Teaching Perfectionists

I recall a lesson when I was fresh out of University, when I was  substitute teaching in school in Newcastle.  I was to give out colouring-in sheets to a Grade 1 class.  The teacher had supplied me with only 2 or 3 spare sheets for those that made an error.  Colouring-in sheets, whilst not of any obvious educational value, is a great babysitting device.  Most kids love them because they do not involve any thinking or grading and most teachers appreciate the fact that students can do them both quietly and independently.

On this occasion one of the girls came up to me and asked me for a replacement sheet.

“What’s the matter?” I asked.

“Can I have another sheet?  I messed up this one.”

She presented the sheet to me and I was immediately struck by how beautiful it looked.  Her worked showed striking attention to detail and great care for staying within the lines.

“But what’s wrong with this picture? It looks fabulous to me.”

“It’s terrible.  I made a big mistake.  Look, I went out on the lines.”

Even with her pointing to the spot where she trespassed the line I had to squint to see the infringement.

“You don’t need another sheet.  This is fine.  I wouldn’t even call that a mistake.”

“But I never go out of the lines.  Mum told me never to colour out of the lines.”

I don’t know what got into me, but I instinctively gave her a new sheet and asked her to go out of the lines multiple times – this time on purpose.

You should have seen the horror in her eyes.

Then I turned to the class and announced that the class do the same thing.  I said I was looking for work that featured colouring out of the lines. The class just stared out in confusion.

“C’mon it’ll be fun.  Let’s colour out of the lines!

And all of a sudden they started doing as I suggested.  And they loved it!  They laughed, coloured with energy and abandon and enjoyed comparing their imperfect work with others.

The girl in question saw her classmates having so much fun making mistakes, she too went back to her desk and revelled in this weird but cathartic exercise.  We even sang a colouring out of the lines song.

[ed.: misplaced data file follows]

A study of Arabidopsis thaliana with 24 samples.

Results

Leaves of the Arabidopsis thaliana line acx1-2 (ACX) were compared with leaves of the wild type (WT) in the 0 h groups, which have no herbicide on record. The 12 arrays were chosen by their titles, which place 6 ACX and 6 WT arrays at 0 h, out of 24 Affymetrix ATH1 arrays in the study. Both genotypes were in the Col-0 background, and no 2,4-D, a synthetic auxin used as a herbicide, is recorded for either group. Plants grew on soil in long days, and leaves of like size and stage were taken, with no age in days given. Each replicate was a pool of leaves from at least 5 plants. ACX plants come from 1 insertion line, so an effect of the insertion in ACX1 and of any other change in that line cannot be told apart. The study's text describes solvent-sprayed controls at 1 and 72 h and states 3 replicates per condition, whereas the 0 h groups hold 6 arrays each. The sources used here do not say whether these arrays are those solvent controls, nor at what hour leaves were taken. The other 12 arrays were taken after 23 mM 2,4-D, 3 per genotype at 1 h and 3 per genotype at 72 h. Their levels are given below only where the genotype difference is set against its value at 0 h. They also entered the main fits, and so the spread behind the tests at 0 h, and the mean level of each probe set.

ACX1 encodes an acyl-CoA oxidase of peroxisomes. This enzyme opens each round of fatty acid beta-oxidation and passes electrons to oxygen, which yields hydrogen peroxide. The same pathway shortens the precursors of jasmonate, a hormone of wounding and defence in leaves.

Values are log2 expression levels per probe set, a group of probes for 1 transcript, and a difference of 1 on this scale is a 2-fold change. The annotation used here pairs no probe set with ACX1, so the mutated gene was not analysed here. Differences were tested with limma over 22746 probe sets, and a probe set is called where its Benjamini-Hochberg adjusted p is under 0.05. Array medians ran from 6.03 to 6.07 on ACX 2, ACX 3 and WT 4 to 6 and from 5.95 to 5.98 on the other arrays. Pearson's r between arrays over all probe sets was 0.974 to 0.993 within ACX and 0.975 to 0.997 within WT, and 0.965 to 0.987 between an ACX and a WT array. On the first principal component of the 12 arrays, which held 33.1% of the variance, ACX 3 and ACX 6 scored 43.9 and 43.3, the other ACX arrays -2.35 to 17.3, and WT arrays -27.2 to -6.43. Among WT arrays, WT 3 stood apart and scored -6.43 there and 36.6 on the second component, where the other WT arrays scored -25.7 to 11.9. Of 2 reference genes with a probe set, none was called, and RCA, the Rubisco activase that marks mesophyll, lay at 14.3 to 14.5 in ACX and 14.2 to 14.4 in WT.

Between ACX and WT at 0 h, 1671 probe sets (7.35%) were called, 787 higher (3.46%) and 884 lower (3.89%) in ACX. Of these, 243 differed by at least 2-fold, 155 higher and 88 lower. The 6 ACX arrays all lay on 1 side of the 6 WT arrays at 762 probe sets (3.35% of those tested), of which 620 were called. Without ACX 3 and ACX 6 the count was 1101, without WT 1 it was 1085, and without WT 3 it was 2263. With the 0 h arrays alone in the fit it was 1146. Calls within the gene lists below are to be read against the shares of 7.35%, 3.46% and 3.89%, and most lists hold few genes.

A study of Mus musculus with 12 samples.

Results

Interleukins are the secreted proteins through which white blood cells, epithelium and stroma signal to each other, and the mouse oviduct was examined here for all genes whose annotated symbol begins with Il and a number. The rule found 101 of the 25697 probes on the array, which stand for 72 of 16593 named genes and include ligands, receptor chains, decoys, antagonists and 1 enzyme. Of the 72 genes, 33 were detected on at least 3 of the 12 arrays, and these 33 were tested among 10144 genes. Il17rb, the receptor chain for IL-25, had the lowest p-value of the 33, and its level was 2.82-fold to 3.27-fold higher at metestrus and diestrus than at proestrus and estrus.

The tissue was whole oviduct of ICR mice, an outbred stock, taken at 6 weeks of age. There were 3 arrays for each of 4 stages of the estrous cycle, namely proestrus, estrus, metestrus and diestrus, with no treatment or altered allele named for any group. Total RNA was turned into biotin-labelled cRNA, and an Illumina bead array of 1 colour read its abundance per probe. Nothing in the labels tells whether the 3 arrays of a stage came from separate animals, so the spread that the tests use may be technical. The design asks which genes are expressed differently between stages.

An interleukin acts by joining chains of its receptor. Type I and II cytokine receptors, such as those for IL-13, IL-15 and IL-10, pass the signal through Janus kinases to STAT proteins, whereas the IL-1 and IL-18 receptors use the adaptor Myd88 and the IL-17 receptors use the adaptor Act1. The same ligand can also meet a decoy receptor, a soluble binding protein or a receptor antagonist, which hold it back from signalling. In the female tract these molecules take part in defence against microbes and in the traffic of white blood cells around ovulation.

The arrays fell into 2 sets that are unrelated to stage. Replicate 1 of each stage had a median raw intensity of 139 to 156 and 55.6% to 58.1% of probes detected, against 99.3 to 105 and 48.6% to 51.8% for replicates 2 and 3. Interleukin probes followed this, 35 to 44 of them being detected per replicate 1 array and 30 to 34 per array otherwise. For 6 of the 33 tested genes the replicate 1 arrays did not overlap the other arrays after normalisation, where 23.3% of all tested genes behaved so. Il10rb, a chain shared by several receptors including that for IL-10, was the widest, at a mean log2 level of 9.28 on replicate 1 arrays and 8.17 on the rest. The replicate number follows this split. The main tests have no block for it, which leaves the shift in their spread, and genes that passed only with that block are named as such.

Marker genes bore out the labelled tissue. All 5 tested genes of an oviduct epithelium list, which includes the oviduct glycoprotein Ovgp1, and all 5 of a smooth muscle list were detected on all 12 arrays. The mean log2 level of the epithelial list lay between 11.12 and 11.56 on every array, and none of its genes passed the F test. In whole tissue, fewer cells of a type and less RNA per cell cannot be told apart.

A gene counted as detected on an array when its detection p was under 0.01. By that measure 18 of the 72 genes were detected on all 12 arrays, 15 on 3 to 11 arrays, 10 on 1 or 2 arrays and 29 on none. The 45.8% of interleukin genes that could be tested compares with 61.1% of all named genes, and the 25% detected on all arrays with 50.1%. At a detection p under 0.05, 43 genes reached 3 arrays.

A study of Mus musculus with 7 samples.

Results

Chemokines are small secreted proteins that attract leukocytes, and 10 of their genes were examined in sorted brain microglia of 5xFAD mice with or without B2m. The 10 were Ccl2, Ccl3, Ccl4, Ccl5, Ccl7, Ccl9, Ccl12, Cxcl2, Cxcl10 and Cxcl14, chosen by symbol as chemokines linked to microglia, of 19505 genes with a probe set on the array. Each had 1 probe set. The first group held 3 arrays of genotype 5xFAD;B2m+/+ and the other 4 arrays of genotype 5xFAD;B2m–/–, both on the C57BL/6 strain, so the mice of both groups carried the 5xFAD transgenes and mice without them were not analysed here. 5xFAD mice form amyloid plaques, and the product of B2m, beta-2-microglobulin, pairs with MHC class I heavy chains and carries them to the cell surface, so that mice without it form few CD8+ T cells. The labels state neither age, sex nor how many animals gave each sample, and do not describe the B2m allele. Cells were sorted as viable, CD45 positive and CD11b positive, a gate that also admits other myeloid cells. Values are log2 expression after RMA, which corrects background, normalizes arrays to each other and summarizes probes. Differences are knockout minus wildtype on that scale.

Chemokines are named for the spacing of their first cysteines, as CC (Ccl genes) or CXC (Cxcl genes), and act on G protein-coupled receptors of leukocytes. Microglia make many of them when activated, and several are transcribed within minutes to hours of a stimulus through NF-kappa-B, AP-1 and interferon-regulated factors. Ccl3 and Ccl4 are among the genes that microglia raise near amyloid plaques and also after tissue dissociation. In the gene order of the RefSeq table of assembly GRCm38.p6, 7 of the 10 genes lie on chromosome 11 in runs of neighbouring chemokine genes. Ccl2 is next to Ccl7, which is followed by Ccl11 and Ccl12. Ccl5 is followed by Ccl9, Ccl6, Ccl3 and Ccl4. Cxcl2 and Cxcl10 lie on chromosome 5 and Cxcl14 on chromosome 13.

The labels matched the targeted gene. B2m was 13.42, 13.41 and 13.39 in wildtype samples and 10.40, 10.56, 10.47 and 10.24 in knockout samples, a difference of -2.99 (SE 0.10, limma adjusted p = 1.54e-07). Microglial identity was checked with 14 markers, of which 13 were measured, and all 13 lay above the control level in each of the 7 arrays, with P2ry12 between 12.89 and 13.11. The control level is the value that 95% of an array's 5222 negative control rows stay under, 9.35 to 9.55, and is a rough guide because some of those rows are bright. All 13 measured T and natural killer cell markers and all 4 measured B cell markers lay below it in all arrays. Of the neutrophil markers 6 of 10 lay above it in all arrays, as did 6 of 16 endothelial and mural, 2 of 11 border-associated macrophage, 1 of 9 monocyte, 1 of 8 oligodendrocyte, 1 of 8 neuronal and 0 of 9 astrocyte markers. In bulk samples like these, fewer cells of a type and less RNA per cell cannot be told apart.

I don’t know whether I did something constructive or destructive, but I can report that the class looked so much more relaxed and happier when mistakes were acceptable and perfection was bypassed.

Teachers tend to allow the perfectionist to continue their habits.  This is because perfectionists are a pleasure to have in the classroom.  They take their studies seriously, try their best at all times and listen attentively to instructions.

But the problem is perfectionism is extremely unhealthy.  Parents often laugh it off and say, “She get’s that from me.  I’m a bit like that too.”  But is it really a joke?  Perfectionists are on a hiding to nothing because the goal they aim for is impossible to reach.  The inevitable consequences of perfectionism is that they never get the satisfaction of their efforts or accept people’s praise because all they can see is what they didn’t get right.

I am all for studious, hardworking students, but not at the expense of their right to enjoy the fruits of their hard work and the joy of basking in their achievements.


  1. Margaret Reyes Dempsey Says:

    I’d say you did something very constructive. Great instincts, you have.

  2. Carl D'Agostino Says:

    Unfortunately we have perfectionists in Washington DC. They are perfect idiots. Love that cartoon. I try to capture anomalies like that in mine.